Planning To Live On The Road? Take These Auto Glass Tips With You
If you're planning to take to the road for an extended period of time, using your vehicle as a camper or even a full-time home in the process, then you'll want to make sure every part of your cart, truck, or van is up to the task -- including your windshield and windows. Here are some auto glass tips that can help you get the most out of your travels.
Fix Chips and Cracks ASAP (But Don't Rush the Repair)
The more time your vehicle spends zipping along the highways each day, the higher the odds that a piece of gravel or other foreign object will hit the windshield with enough force to create a chip or crack. These little dings not only make it more difficult to see everything in front of you, but they also have a tendency to grow into networks of cracks over time. Chips can collect dirt to the point that when you finally get around to a belated repair, the windshield remains permanently blemished. When you reach your next overnight stop, find a shop that does auto glass repair in the nearest town and have these professionals fix the chip properly.
You may be in a hurry to get back on the road, but don't push the auto shop to rush through your repair. If one-part urethanes are being used to seal the chip, you must wait 12 full hours for this substance to cure before setting out on the next leg of your adventure. If that's too long a wait, ask the service techs whether they can make the repair using two-part urethanes, which require just one hour of curing time.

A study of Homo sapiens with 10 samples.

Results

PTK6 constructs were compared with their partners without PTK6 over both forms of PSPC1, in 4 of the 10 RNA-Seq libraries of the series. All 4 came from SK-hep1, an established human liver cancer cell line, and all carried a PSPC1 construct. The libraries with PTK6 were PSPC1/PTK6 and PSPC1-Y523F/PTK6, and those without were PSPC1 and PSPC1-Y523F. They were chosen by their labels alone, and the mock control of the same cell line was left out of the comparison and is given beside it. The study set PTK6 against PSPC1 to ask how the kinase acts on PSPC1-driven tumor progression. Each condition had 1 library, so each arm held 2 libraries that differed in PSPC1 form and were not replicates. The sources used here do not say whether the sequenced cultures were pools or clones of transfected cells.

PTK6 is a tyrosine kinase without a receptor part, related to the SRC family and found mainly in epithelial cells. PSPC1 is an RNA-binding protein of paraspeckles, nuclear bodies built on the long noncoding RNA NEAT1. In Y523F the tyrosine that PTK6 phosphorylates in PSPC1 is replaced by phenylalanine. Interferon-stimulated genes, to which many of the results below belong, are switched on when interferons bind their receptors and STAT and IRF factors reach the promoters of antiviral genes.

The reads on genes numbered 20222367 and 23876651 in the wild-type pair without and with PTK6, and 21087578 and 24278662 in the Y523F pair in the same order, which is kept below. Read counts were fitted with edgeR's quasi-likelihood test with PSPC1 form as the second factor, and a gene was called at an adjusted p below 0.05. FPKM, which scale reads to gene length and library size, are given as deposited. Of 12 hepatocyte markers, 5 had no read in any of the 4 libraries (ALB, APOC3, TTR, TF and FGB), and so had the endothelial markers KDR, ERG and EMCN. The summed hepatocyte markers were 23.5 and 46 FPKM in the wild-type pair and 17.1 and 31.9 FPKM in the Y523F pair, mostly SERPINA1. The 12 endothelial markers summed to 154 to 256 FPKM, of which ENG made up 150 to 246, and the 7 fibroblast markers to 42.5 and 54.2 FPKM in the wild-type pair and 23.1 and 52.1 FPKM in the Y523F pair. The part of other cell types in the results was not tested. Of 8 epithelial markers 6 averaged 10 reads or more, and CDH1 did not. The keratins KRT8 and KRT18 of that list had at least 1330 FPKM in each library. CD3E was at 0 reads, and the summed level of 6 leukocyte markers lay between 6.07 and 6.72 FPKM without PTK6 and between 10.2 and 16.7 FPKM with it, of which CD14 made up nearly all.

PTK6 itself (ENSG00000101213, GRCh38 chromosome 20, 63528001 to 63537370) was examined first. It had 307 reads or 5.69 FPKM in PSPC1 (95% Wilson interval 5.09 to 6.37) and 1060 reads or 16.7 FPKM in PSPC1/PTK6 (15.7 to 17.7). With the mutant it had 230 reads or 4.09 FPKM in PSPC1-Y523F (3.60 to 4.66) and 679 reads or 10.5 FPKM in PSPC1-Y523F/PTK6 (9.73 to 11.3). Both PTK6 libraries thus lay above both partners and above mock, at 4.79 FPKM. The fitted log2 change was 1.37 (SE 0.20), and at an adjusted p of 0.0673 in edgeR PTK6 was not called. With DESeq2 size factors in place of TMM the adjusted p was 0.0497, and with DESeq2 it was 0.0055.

Insulate Against Heat and Cold
Car camping, van dwelling, and other extensive vehicular habitation can get pretty uncomfortable in extreme temperatures unless you're traveling in a full-scale "all the comforts of home" RV. If your car, truck, or van wasn't designed to be lived in, you've got some insulating to do -- starting with the windows. Fortunately, covering your vehicle's windows with insulating material is cheaper and easier than you might think. One of the simplest ways to combat the sun's rays is by cutting sections of reflective bubble wrap (which can be found in home improvement stores) and pushing them into the window frame, preferably without leaving any air gaps between the glass surface and the insulating material.
Rigid styrofoam is another effective material for do-it-yourself car window insulation panels. The type of foam board with the most impressive R-value (a measure of thermal resistance is called polyisocyanurate. This product has aluminum foil on one side, meaning that you can turn the reflective side outward to reflect the sun's heat or turn it inward to help keep warmth inside the vehicle on cold days.
Tint for Privacy (But Check the Laws)
The same auto shop that can fix your chipped windshield can probably tint your car's windows as well. This can be a smart choice for the serious road-tripper or car-camper, for a variety of reasons. Most obviously, a tinted windshield can reduce irritating road glare -- but it can also block 99 percent of harmful UV rays that can contribute to skin cancer and eye diseases. Tinted windows can also provide you with a measure of privacy, especially at night, without your having to set up removable barriers such as curtains or foam board.
As practical and desirable as window tinting might seem, however, you're not necessarily at liberty to slap the darkest tint you can find on all your auto glass. Each state has its own laws about what darkness of tint you can apply to different areas of the vehicle, so if you regularly trace a particular route, find out which tint levels you can use without risking trouble. If you're traveling across state lines, find out in advance whether your destination state holds vehicles with out-of-state registrations accountable to local tint laws -- or just go with a tint combination acceptable in all states.
Keeping your auto glass in good repair, insulating windows and applying tint judiciously can help you live like the King of the Road, whether you're traveling for a week or for a lifetime. Give these components the attention they deserve, and they'll help you see the sights that much more enjoyably.